RWA Workshop Tips – OK so it’s a slight rant

At the RWA National Conference in Washington D.C. this past July, I bought, for the first time, the workshops on DVD.

Oh – aside: I also went all cash at the conference and let me tell you how freeing it was to NEVER use the credit card. I had to hand over the card at the hotel, but after they took the card (in case I turned out to be a room destroying deadbeat) I paid cash for the room. The first day. Never once did I have to worry about how it would feel when the bill came due as there was no bill.

So, yeah. Anyway, I plunked down my cash for the conference DVD — because the hotel was paid for, all the rest was food and gravy, right? My DVD came a couple weeks ago and I’ve been listening to the workshops. I’m perhaps a quarter of the way through and I now have some tips for people giving workshops of any kind.

  1. Do not simply read your workshop essay. It’s BORING no matter who you are. Listeners will mentally check out as you drone on (because an essay just isn’t as exciting as, say fiction) so what’s the point? They’re not listening. Also, writers, being excellent readers, will invariably read TOO FAST. Not even the people with their butts in the chair can follow you if you’re reading too fast. (And you are.)
  2. When you’re told you MUST repeat questions from the audience, that’s true. Because Here’s what it sounds like if you don’t:
    Speaker: And that sums up my list of sekrit tips for getting published. Any questions?
    Question Asker:

    mmhrt

    hjd.

    Speaker: Oh, good question! I can’t believe I forgot to mention that. Yes.

  3. The more conversational you sound, the more interesting you sound.
  4. Do not approach a workshop as nothing more than an opportunity to pitch your books. Really. Don’t. Even if you’re not a self-centered b*tch, you’ll sound like one.
  5. If you’re on a panel and you’re sitting in front of a mike, be aware that all the little noises you make will be on the tape. Like, huh, tsk, yeah. It’s really really distracting.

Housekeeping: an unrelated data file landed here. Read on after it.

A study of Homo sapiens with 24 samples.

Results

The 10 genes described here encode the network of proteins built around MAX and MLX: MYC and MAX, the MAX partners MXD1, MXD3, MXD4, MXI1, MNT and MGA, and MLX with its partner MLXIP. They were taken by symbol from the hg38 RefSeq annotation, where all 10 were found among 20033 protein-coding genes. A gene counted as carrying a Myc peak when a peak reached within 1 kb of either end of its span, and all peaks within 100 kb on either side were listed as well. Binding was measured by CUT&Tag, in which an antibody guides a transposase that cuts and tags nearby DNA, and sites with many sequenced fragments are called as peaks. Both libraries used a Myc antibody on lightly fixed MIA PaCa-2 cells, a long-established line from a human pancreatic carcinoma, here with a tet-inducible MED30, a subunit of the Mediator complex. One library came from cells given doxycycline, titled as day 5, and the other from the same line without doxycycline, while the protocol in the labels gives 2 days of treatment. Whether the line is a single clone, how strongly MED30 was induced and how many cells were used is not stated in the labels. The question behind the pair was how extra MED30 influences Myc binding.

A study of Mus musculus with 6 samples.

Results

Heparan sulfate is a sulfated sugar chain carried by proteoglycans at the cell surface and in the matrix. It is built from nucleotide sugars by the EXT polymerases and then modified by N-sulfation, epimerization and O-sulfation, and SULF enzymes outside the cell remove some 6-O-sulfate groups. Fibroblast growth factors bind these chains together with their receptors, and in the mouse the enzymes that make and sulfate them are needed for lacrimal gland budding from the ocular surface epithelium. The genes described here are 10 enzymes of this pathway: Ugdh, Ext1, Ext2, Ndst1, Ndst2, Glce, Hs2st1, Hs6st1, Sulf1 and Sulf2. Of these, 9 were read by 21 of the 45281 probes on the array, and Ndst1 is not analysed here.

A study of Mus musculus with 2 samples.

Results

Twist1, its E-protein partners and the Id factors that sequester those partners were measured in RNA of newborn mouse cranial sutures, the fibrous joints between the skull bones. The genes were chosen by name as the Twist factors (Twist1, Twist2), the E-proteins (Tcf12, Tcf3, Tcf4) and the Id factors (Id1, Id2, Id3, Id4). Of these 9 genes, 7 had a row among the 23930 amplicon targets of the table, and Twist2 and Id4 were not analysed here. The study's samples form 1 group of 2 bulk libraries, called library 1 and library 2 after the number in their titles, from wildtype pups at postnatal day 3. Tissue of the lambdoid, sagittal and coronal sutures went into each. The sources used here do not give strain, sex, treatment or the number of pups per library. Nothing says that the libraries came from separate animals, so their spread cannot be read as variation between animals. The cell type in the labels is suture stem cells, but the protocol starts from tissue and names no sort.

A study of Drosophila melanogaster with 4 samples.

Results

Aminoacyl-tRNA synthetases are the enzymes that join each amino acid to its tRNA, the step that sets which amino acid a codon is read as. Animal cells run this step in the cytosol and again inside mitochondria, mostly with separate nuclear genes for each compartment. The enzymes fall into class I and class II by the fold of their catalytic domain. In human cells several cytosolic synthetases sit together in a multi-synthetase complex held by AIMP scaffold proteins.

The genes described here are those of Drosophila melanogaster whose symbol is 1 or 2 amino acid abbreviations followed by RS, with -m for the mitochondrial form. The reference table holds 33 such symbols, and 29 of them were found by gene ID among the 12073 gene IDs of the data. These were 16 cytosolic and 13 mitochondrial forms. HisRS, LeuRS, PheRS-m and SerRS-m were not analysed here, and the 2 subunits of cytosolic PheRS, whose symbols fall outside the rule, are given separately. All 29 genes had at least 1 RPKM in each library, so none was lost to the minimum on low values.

6. If there is dead air during your workshop, if you can, preface that with an explanation of why things are so silent. Or explain what’s happening.
  7. The workshops I’ve enjoyed most so far are the ones where the speaker(s) sound the most interested in genuinely communicating what they know or have learned. (See previous point about people who are just trying to sell their books…)

  1. meljean brook says:

    I haven't listened to these, but I just want to say, Hell Yes! about repeating questions from the audience — no matter where that person is standing or how loudly they ask it. Not just for the recording, but for the other people in the audience.

    It irritates me SO much when you feel like you have to yell "What was the question?" EVERY panel moderator should make a habit of automatically repeating the question before anyone answers it.

  2. Carolyn says:

    Oh, Meljean, you are so so right. Most of the moderators have been great so far, but I just finished listening to one where no one did that. Frustrating!

    The conference DVD is totally worth it so far. I have several that I intend to go back and listen to again. It cost $100 for the whole DVD, but I know individual sessions can be downloaded, so people on a budget can certainly pick and choose.

  3. RKCharron says:

    Hi 🙂
    Thank you for sharing.
    When I attend a convention (after I sell a novel – this gives me incentive/motivation) I'll go cash.
    Did you get the conference DVD because you missed some workshops? Or do they schedule some at the same time? I'm glad you said it was totally worth it to get it. Do you recommend conventioners get one?
    Love & Best Wishes,
    @RKCharron
    xoxo

  4. Carolyn says:

    Hi RK:

    First, there is a LOT to be said for attending RWA BEFORE you're published. For some, it's just too expensive.

    There are several tracks of workshops so at any given time there are several workshops going on. It's impossible to attend them all. Buying the DVD makes it possible to listen to them all.

    This is my first year buying the conference DVD and I have to say I'm quite glad I did. Whether others should do so depends on budget and how likely they are to actually listen to them.

    My RWA experience these days tends to be less workshop attendance and more meetings (agent, editors, other writers, etc) and networking (hanging out in the lounges and bars) though I did attend a few workshops this year.

  5. Sandra Schwab says:

    Temptation, thy name is Carolyn. 🙂

    Now that I've finished the dratted diss, I could buy the DVD and listen to all the lovely workshops I missed by not coming to RWA National this year. I really could.

  6. Carolyn says:

    Sandy, I have to say, if you can afford it, do it. If money's an issue, eventually I'll be blogging about my favs and that might give you an idea about which one's you might consider purchasing singly.